November 25, 2018 GMT

BURLINGTON — Robyn Austin walked toward her family in the half-priced sock section of Fred Meyer carrying a bulging bag of items.

“I just bought $122 worth of socks,” Austin exclaimed, holding up her Black Friday bounty.

Austin, who now lives in Mill Creek, said she has been shopping on Black Friday with her mother Terry Campbell of Mount Vernon and her three sisters since she was a kid.

Campbell said she started taking her daughters to the all-day shopping marathon when they turned 10, and it has been a tradition ever since.

“I load up on socks every year,” Austin said. “I just overload.”

As Austin and her family added to their haul, store employee Esme Fonseca roamed through the chaos, attending to any needs that arose.

“It’s very hectic,” Fonseca said. “It doesn’t die down.”

The Burlington resident stopped to help a customer before turning back to explain how difficult it can be to get people what they want.


“We don’t have back stock,” she said. “It’s all here on the floor.”

While data shows a steady rise in online shopping, major brick-and-mortar stores such as Fred Meyer, Target and Best Buy are still holding their own, said Burlington Chamber of Commerce President Peter Browning.

Browning said those Burlington stores, as well as Macy’s and Bed Bath & Beyond, are going full tilt.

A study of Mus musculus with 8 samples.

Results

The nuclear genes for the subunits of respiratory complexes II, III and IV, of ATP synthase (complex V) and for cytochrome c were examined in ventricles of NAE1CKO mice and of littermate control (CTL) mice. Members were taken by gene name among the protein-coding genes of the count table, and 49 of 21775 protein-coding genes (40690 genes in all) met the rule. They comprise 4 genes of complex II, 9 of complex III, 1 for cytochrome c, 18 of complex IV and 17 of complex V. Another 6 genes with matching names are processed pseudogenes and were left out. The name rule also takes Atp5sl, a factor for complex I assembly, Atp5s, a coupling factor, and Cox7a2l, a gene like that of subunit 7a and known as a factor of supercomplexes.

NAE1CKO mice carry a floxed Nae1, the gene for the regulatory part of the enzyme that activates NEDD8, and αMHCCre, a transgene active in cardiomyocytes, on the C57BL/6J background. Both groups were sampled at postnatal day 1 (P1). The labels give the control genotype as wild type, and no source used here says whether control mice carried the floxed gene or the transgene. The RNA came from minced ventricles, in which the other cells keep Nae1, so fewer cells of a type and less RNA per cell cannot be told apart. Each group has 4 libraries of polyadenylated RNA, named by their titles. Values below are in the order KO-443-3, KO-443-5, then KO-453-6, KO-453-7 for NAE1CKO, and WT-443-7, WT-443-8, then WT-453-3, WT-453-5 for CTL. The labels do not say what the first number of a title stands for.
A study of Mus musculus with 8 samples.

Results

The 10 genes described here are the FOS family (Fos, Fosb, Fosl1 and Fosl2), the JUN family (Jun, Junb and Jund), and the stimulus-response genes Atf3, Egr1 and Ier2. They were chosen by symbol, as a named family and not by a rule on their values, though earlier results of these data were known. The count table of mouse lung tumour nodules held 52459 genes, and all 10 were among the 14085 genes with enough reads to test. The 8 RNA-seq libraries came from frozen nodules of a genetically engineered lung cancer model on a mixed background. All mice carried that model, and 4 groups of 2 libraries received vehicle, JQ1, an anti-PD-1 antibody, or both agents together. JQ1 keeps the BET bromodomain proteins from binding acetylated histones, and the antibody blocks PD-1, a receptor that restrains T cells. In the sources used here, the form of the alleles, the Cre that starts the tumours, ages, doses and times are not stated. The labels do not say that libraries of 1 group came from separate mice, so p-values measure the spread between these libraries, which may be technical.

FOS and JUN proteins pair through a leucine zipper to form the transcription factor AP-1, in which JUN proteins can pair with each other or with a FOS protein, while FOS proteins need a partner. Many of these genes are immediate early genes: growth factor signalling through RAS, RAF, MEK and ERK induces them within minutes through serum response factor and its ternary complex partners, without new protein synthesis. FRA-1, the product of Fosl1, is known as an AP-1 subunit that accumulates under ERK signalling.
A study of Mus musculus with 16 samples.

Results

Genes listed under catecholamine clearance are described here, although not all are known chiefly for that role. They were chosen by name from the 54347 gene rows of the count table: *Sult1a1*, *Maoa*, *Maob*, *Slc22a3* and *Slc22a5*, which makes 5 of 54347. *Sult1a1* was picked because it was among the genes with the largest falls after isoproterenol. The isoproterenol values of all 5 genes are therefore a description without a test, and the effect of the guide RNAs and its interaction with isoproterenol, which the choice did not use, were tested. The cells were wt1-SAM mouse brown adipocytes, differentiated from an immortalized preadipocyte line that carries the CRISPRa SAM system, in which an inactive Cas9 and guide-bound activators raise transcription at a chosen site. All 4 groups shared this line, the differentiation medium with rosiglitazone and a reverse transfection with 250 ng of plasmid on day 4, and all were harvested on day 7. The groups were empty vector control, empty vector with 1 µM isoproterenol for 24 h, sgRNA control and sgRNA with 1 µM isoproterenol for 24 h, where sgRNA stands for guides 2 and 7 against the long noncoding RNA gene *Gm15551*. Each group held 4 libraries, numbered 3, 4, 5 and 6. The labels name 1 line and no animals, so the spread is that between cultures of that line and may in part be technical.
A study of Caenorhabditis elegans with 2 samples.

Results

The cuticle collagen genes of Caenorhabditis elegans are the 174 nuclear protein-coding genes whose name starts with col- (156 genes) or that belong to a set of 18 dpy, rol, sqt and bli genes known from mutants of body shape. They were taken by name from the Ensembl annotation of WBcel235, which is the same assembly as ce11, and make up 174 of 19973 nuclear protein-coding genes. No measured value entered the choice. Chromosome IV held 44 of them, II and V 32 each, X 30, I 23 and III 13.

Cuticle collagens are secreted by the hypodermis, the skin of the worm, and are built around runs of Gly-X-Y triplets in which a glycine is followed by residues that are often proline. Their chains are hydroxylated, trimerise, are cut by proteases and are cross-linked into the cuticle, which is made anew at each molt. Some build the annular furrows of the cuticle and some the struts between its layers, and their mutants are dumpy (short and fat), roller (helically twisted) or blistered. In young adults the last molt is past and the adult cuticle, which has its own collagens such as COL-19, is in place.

The National Retail Federation — the nation’s largest retail trade group — predicts an estimated 164 million Americans will shop both in-store and online from Thanksgiving Day through Monday.

That trend was highlighted at Target in Burlington as three generations of Oak Harbor women shopped in the store’s electronics aisles before checking online for deals on Amazon.

“We’re surviving,” Veronica Reynolds joked while her mom and daughter browsed for PlayStation 4 games. “No one has tried to run us over.”

A few aisles down, Courtney Wahlgren of Mount Vernon also remarked on the relative calm of Target.

“A lot of department stores are offering the same deals online as in-store,” she said. “I’m not shoving my cart around people like past years.”

Still, the National Retail Federation expects more money than ever will be spent this holiday season, with consumers estimating they’ll spend an average of about $1,007 — up 4.1 percent from what they estimated they would spend last year — according to a recent survey.